A student in Hong Kong Kong who helped set up a volunteer network of medics has reportedly been arrested in Guangzhou, China on charges of “soliciting prostitutes.”
Kwok Chun-fung, who studies at the Guangzhou University of Chinese Medicine, allegedly been arrested on Jan. 8, AFP reports.
“We were chatting on the phone and he said he had to get up and open the door. Then I heard him walking, opening a door and the phone was dropped, the call cut,” a fellow volunteer behind the medical aid group identifying himself as “Small Cow” told reporters.
Officials at Kwok’s university reportedly briefed non-mainland students on the incident, claiming he had been arrested for “soliciting prostitutes”, an offense that carries up to 15 days in administrative detention.
“During the briefing, the teacher told us to cherish our chance to study here as we will be graduating in half a year,” a student who attended the briefing told AFP on condition of anonymity.
Another student who attended a separate briefing corroborated that account. The news was first made public Jan. 10.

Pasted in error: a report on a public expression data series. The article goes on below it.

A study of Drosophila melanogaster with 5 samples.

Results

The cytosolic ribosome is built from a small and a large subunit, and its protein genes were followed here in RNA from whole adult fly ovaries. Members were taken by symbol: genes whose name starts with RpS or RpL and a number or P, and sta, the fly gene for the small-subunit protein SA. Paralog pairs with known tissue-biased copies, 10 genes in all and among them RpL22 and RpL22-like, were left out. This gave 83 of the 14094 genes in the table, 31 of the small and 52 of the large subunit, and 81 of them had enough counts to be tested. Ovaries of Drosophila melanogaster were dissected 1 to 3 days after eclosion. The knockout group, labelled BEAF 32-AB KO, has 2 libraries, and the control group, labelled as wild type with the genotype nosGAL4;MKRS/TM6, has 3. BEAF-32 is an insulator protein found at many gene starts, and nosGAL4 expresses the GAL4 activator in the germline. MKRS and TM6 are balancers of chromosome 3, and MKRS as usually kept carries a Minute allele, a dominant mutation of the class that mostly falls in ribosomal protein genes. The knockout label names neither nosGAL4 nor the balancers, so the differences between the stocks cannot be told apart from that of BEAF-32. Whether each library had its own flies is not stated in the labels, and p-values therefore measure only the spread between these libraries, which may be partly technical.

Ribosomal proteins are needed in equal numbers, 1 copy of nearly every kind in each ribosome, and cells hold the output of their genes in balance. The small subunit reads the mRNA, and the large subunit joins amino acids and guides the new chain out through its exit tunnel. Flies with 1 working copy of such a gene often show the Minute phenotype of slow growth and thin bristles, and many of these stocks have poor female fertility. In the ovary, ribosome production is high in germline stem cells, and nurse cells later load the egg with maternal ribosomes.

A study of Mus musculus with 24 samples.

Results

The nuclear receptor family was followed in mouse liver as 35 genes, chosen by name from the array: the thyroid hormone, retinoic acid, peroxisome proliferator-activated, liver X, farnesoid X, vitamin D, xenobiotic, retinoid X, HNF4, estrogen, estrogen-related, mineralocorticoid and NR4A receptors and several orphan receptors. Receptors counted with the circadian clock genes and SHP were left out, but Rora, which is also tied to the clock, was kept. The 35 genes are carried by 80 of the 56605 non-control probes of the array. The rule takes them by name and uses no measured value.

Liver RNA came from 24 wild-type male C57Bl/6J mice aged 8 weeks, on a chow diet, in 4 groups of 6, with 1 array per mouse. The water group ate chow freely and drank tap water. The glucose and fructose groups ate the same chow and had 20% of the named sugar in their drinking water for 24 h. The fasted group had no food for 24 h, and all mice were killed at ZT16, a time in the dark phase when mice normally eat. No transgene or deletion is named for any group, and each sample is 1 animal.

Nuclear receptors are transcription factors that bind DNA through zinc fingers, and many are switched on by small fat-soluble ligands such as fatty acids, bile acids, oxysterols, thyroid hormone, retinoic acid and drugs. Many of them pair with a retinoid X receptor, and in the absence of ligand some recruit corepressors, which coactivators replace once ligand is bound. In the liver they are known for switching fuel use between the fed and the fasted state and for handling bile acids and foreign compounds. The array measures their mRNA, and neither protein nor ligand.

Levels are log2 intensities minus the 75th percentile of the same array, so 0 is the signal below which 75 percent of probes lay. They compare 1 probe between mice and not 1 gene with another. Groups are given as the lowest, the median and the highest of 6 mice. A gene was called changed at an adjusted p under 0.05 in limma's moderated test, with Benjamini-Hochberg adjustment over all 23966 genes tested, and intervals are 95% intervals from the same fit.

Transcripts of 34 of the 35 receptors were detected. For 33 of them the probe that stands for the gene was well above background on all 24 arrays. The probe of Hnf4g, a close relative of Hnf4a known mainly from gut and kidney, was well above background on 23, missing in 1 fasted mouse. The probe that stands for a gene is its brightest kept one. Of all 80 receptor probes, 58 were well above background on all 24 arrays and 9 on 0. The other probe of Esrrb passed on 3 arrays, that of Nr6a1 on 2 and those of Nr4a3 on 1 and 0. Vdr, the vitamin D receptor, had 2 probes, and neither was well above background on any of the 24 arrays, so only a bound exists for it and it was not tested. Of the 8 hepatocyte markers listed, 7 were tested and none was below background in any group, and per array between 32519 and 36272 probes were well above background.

Kwok and “Small Cow” helped organize a group of medics who provided assistance to pro-democracy demonstrators who have been injured or affected by tear gas during the ongoing protest movement in Hong Kong.
As noted by AFP, similar charges were levied at Simon Cheng, a Hong Kong employee of the British consulate who likewise was detained while visiting the mainland last August.
Cheng claims he was forced to confess before fleeing abroad.
AFP stated that a staff member of university’s propaganda office said Kwok had “indeed violated some laws and was subject to detention” but declined to offer further details.
The Hong Kong protests started in June against plans to allow criminal suspects be extradited to mainland China, which critics feared would compromise Hong Kong’s judicial independence under the “one country, two systems” arrangement agreed with former ruler Britain.
Although the plans were scrapped in September protests have continued with demands by protesters for full democracy and an inquiry into police brutality.